Bundle 2: Collisions

# Tier 3: Application to Inevitable Collisions

#### Objective:

Students will build on their prior learning from Tier 1 and 2, and will apply their understanding of and experience with collisions to improve the outcomes of these inevitable collisions.

#### Overview:

Students will use their prior knowledge and past experience from Tier 1 and 2 of this Bundle, as well as outside experience to pick a collision of their own interest. Many suggestions are included in the list below. Students will plan, build, test, and argue their results with their peers. Disclaimer: Teacher can determine the appropriate constraints (time, cost, materials, etc) for this activity.

#### Big questions:

• How might collisions happen?
• How can the results of a collision be explained?
• How does our understanding of Newton’s Laws apply to other inevitable collisions that the outcomes can be improved?

#### Standards addressed:

 Apply Newton’s Third Law to design a solution to a problem involving the motion of two colliding objects. Plan an investigation to provide evidence that the change in an object’s motion depends on the sum of the forces on the object and the mass of the object. MS-PS3-1 Construct and interpret graphical displays of data to describe the relationships of kinetic energy to the mass of an object and to the speed of an object. MS-ETS1-1 Define the criteria and constraints of a design problem with sufficient precision to ensure a successful solution, taking into account relevant scientific principles and potential impacts on people and the natural environment that may limit possible solutions. MS-ETS1-2 Evaluate competing design solutions using a systematic process to determine how well they meet the criteria and constraints of the problem. MS-ETS1-3 Analyze data from tests to determine similarities and differences among several design solutions to identify the best characteristics of each that can be combined into a new solution to better meet the criteria for success. MS-ETS1-4 Develop a model to generate data for iterative testing and modification of a proposed object, tool, or process such that an optimal design can be achieved.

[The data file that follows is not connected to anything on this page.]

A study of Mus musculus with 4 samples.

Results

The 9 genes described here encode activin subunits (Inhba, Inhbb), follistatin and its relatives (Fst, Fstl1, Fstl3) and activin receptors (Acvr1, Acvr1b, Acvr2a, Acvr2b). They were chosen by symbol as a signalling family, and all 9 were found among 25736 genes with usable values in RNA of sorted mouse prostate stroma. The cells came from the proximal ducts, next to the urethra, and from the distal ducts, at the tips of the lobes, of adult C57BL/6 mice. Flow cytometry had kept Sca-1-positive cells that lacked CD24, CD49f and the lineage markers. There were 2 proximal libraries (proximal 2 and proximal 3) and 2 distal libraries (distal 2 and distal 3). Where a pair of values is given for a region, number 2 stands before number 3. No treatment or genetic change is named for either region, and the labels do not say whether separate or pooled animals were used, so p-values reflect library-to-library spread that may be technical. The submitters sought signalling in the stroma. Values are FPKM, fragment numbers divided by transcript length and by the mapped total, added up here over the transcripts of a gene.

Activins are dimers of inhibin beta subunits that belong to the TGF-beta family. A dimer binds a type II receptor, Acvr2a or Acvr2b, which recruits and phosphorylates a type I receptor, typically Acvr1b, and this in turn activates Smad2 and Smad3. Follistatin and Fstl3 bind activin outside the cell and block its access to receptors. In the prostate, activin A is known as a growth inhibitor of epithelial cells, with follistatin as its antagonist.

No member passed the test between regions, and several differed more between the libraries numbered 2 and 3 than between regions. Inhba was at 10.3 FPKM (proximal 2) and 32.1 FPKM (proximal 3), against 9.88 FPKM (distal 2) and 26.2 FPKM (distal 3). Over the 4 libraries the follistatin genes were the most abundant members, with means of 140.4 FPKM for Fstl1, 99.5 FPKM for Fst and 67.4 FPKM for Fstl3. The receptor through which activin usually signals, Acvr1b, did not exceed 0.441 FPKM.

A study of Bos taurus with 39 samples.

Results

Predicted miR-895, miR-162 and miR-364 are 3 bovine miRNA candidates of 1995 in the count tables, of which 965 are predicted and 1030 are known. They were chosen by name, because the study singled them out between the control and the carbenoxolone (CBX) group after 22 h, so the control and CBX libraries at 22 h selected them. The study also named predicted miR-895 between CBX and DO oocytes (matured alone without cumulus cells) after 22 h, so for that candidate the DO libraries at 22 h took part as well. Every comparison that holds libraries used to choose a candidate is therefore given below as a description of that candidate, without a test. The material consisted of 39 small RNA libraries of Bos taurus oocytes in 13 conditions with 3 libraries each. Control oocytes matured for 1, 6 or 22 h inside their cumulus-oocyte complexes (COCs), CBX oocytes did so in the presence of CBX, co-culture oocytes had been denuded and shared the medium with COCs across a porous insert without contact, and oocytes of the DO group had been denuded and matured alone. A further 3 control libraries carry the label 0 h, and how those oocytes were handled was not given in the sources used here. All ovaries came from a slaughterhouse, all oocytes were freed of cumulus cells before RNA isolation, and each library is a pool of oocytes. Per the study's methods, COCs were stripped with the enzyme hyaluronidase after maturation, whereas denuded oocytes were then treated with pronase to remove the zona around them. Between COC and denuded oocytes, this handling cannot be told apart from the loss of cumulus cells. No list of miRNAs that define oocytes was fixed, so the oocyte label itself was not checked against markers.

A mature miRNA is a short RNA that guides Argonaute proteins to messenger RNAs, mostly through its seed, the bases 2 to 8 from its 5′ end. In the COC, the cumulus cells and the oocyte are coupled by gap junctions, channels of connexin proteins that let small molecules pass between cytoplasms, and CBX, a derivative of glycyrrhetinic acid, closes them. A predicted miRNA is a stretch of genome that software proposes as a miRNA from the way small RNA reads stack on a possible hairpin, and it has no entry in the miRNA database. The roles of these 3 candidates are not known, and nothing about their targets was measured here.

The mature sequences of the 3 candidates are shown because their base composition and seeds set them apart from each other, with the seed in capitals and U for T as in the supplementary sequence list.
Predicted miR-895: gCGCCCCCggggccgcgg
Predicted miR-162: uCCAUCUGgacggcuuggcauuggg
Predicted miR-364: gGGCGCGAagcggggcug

Tier in depth:

Application Challenge Presented to Students: Students will use their prior knowledge and past experience from Part 1 and 2 of this bundle, as well as outside experience to pick a collision of their own interest. Many suggestions are included in the list below. Students will plan, build, test, and argue their results with their peers. Disclaimer: Teacher can determine the appropriate constraints (time, cost, materials, etc) for this activity.

Discussion of Results: Students will share out quantitative and qualitative data regarding their investigation to determine the success or limitations of their investigation as well as participating in a discussion on the impact to society and moral/ethical concerns.

Examples of Collisions, etc.

• Concussions: Technology being used for head injuries – prevention, awareness, or treatment

• Stakeholders: athletic trainers, parents, coaches

• Importance of fit of helmet, amount of air pressure

• Rules/Regulations of NCAA, IHSAA, or IGHSAU

• When are females at the highest risk of concussions since most football players are males?

• Vehicles

• Safety features: improvements, child car seats, adult seats in cars,

• Driverless cars

• Stakeholders: police officers, insurance agencies, car accident specialists, emergency workers

• Car vs. Train accidents

• Motorcycles

• Speed cameras

• Baseball Bats

• Sledding

• Football

• Running backs vs. linebackers

• Soccer

• Why don’t soccer players wear helmets?

• Race Cars

• Fastest cars, acceleration, crashes on the track

• Cycling

• Wearing helmets, types of helmets, programming to encourage helmet use

• Engineering design challenge: egg drop – must protect the egg

Experts:

## License

Iowa 8th grade Science Bundles Copyright © by Ted Neal, Ph.D. is licensed under a Creative Commons Attribution-NonCommercial-ShareAlike 4.0 International License, except where otherwise noted.